Word Clouds as Discourse Analysis Tool

I just discovered Wordle, a free word-cloud generator. You paste any text you want into a box and the web site’s software generates a word-cloud.

For those of you unfamiliar with word-clouds, Wikipedia has this explanation:

In the language of visual design, a tag cloud (or word cloud) is one kind of “weighted list”, as commonly used on geographic maps to represent the relative size of cities in terms of relative typeface size.

[See Wikipedia's Tag Cloud entry for more.]

I’m fascinated by the possibilities of this tool to help us understand public discourse. Do the words we associate with a moment of public speech–such as Bill Clinton’s apology address after the Lewinsky scandal–match up with the words the speaker actually used? Here’s the Clinton speech in word-cloud form:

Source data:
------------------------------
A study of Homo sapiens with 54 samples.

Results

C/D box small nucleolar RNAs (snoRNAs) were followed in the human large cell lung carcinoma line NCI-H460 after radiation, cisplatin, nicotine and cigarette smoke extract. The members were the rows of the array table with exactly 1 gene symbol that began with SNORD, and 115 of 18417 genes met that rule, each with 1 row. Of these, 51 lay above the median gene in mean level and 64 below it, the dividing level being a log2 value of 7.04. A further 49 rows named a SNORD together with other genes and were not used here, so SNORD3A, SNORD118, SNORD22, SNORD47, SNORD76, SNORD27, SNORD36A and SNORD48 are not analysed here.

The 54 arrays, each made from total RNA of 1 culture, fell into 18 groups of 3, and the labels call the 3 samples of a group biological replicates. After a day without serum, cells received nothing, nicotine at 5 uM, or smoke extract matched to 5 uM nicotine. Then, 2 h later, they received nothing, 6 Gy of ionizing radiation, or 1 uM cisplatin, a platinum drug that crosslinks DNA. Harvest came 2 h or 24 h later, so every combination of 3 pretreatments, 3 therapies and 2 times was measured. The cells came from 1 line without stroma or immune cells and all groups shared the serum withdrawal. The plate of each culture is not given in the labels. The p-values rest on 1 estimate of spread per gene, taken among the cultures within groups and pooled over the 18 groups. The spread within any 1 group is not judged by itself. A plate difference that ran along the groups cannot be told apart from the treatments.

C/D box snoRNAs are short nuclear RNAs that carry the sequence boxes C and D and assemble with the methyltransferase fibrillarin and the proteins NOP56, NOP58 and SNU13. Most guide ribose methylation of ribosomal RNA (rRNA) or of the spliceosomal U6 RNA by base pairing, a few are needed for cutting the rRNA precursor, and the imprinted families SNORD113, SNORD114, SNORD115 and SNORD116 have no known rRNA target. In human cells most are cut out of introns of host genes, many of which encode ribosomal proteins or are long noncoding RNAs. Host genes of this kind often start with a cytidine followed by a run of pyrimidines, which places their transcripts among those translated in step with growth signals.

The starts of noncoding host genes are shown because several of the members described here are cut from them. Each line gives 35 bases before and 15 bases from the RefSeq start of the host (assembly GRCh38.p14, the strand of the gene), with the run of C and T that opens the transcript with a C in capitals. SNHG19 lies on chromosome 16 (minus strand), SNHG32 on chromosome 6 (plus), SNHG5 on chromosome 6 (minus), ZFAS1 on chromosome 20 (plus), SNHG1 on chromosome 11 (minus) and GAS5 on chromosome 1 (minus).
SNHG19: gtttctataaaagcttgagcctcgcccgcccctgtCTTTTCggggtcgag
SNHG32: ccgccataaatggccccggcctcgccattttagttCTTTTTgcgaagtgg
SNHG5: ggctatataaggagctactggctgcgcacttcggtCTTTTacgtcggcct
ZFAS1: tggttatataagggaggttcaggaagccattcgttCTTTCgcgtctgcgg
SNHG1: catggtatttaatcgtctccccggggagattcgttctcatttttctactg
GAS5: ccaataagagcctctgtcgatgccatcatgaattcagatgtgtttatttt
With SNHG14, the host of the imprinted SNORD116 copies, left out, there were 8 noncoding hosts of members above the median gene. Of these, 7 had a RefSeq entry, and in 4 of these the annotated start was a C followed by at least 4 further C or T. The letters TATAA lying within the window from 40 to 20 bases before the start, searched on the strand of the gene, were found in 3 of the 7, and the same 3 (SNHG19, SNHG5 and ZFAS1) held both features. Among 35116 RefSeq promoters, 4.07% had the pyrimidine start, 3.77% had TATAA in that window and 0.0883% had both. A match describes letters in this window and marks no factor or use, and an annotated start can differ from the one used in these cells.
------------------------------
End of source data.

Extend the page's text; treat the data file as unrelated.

Can you find the word “sex”? The dominant word of the speech, it seems, was “private.” After that, “questions” and “investigation.” If “Questions” is the second most important term in the speech, can you find the word “answer”? (Hint, look to the far, far right.)

This word cloud reveals that the ideas that we associate with Clinton’s speech–admitting to a sexual affair with an intern–actually were not the words he used when talking about–or rather, around–that affair.

Here’s the Gettysburg Address:

(Wordle allows you to change the font, the background the colors, etc.)

Can you find the word “war”? It’s kind of medium-to-small, near the middle. Mostly what we see is “nation,” “dedicated” (along with dedicate) and “great poeple.” I love this one. I love the two meanings of dedicated and dedicate set side by side–to be persistent and to consecrate the hallowed ground of the battlefield. I love the image of the dead holding up the word “nation.”

I’m going to go try this with Marbury v. Madison.